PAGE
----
Total posts : 45366
by MRAM 1500 kHz
You might try hard limiting instead of just normalizing. Normalizing looks at the overall audio file and amplifies it to the highest level without clipping. But, if there is just one little spot that was quite louder than the rest, your average level will still be low.
Hard limiting does a great job of bringing up the overall average by amplifying the entire audio file while keeping those loud peaks from exceeding zero db which would sound terrible. You can over do it though which leaves the audio sounding thin even though it’s all loud. It can squash the life out of the music.
One effect that seems to work well is the compander found in the amplitude effects. It compresses the loud parts and amplifies the soft parts. You can also control which frequencies it affects.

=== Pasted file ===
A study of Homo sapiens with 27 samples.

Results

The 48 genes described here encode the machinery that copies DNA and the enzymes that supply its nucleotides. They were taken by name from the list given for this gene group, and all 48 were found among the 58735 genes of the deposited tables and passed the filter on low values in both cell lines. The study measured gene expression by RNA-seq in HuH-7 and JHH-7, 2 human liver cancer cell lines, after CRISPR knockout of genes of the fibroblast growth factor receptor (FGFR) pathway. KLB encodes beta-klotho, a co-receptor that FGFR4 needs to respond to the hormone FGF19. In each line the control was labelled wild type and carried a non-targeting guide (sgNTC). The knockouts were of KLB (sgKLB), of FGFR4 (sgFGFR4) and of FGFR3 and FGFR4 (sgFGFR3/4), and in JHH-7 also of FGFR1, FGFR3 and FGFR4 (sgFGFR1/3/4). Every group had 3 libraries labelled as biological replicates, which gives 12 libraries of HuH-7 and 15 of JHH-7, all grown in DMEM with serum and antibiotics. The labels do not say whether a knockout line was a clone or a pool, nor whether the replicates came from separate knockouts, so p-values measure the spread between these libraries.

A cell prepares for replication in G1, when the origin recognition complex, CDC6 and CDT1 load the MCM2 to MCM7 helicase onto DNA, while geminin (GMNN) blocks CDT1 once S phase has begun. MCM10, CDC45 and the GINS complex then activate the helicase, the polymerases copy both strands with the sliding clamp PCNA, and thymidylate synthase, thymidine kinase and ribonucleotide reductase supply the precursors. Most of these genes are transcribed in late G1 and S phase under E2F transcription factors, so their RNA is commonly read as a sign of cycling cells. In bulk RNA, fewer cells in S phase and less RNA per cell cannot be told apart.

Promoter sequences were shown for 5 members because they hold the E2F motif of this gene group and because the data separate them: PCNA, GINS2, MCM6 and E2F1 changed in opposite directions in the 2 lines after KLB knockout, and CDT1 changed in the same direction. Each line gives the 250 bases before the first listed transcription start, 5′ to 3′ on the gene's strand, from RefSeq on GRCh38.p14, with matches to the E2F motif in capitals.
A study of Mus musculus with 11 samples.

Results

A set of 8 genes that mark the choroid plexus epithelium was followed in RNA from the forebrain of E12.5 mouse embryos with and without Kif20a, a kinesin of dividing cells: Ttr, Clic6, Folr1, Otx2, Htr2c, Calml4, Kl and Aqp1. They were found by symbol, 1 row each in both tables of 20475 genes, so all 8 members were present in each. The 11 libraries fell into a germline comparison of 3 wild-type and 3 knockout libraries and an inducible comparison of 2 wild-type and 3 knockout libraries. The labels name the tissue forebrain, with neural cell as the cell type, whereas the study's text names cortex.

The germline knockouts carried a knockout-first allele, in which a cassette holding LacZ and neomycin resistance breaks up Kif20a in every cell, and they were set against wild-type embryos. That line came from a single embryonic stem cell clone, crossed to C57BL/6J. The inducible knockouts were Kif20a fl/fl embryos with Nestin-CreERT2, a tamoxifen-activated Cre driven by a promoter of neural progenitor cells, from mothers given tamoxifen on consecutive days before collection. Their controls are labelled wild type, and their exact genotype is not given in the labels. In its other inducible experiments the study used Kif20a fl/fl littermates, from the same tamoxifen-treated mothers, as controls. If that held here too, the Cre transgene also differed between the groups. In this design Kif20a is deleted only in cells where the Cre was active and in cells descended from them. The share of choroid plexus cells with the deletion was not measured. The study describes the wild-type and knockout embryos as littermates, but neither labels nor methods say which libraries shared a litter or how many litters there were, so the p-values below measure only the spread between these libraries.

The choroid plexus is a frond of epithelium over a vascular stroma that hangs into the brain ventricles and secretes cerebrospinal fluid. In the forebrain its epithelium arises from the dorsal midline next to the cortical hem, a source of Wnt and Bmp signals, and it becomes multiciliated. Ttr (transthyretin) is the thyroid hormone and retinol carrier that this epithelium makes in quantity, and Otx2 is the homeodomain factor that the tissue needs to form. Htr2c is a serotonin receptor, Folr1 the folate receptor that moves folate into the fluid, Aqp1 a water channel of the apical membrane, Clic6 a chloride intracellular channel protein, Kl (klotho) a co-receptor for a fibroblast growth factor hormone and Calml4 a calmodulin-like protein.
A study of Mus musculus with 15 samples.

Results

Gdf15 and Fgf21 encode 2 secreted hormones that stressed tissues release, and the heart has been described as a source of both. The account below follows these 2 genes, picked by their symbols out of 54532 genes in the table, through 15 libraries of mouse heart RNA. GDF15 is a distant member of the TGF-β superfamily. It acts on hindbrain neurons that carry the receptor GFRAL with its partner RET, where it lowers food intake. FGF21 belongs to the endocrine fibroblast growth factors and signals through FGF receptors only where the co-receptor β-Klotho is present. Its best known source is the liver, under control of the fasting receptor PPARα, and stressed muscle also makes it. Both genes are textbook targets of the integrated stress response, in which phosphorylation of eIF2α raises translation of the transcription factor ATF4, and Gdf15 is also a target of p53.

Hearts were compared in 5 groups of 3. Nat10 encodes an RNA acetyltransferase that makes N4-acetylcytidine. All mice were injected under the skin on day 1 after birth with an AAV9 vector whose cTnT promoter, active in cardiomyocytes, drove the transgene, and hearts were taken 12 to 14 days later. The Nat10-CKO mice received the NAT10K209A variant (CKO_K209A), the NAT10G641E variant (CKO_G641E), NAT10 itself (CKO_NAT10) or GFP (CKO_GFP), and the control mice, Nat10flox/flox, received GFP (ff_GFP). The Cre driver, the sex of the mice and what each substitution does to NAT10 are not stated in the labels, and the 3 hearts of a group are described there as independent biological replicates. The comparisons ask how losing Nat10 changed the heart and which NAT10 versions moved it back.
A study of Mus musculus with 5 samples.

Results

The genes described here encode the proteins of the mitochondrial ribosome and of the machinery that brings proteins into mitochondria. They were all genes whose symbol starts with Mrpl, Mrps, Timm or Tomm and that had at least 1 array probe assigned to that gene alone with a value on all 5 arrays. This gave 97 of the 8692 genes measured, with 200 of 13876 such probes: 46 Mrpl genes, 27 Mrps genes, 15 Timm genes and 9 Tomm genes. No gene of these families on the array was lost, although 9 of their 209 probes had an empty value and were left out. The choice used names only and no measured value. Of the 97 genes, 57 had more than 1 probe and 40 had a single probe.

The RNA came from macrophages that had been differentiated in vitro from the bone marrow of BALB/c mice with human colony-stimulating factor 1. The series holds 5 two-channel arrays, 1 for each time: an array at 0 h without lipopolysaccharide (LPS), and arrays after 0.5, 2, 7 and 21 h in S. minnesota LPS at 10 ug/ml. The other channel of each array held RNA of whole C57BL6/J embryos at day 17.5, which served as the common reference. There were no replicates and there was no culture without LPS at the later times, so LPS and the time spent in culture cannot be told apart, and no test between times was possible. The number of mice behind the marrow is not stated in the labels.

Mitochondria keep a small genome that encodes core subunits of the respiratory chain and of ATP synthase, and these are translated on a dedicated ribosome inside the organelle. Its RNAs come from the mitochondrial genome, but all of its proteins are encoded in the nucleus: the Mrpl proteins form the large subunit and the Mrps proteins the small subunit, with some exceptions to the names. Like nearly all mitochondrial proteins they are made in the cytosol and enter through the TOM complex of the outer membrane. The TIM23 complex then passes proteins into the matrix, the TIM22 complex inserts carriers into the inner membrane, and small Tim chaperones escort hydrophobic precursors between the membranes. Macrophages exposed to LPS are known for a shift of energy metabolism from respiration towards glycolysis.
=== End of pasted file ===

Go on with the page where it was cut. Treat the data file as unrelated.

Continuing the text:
Of course, depending on the type of music, what sounds good for one doesn’t necessarily work for another so it just takes becoming familiar with the effects and how they work.
If you are using an audio player that works with DSP plugins, try using SoundSolution. I use it with WinAmp and ZaraRadio. With the appropriate settings, it can emulate OptiMod processing and others. It seems to do a pretty good job of adding punch and clarity to your broadcast audio.
I also have an outboard audio processor called Sta-Max AM Modulation Controller. It was in a pile of junk tossed by a local radio station. It was a prototype made by Chris Hood Electronics in 1979. There were no instructions found with it but I’ve managed to figure out how to use it.
What it does is called asymetrical waveform control. It can amplify the positive peaks while limiting the negative peaks of the audio. This allows the transmitter to exceed 100% on positive peaks while not exceeding 100% on negative peaks. Yes, that would be considered distortion but so is any other type of effect. The end result is the broadcast audio is louder, clearer and sounds acceptable.
Now, if I could find that effect as a plugin, that would be great!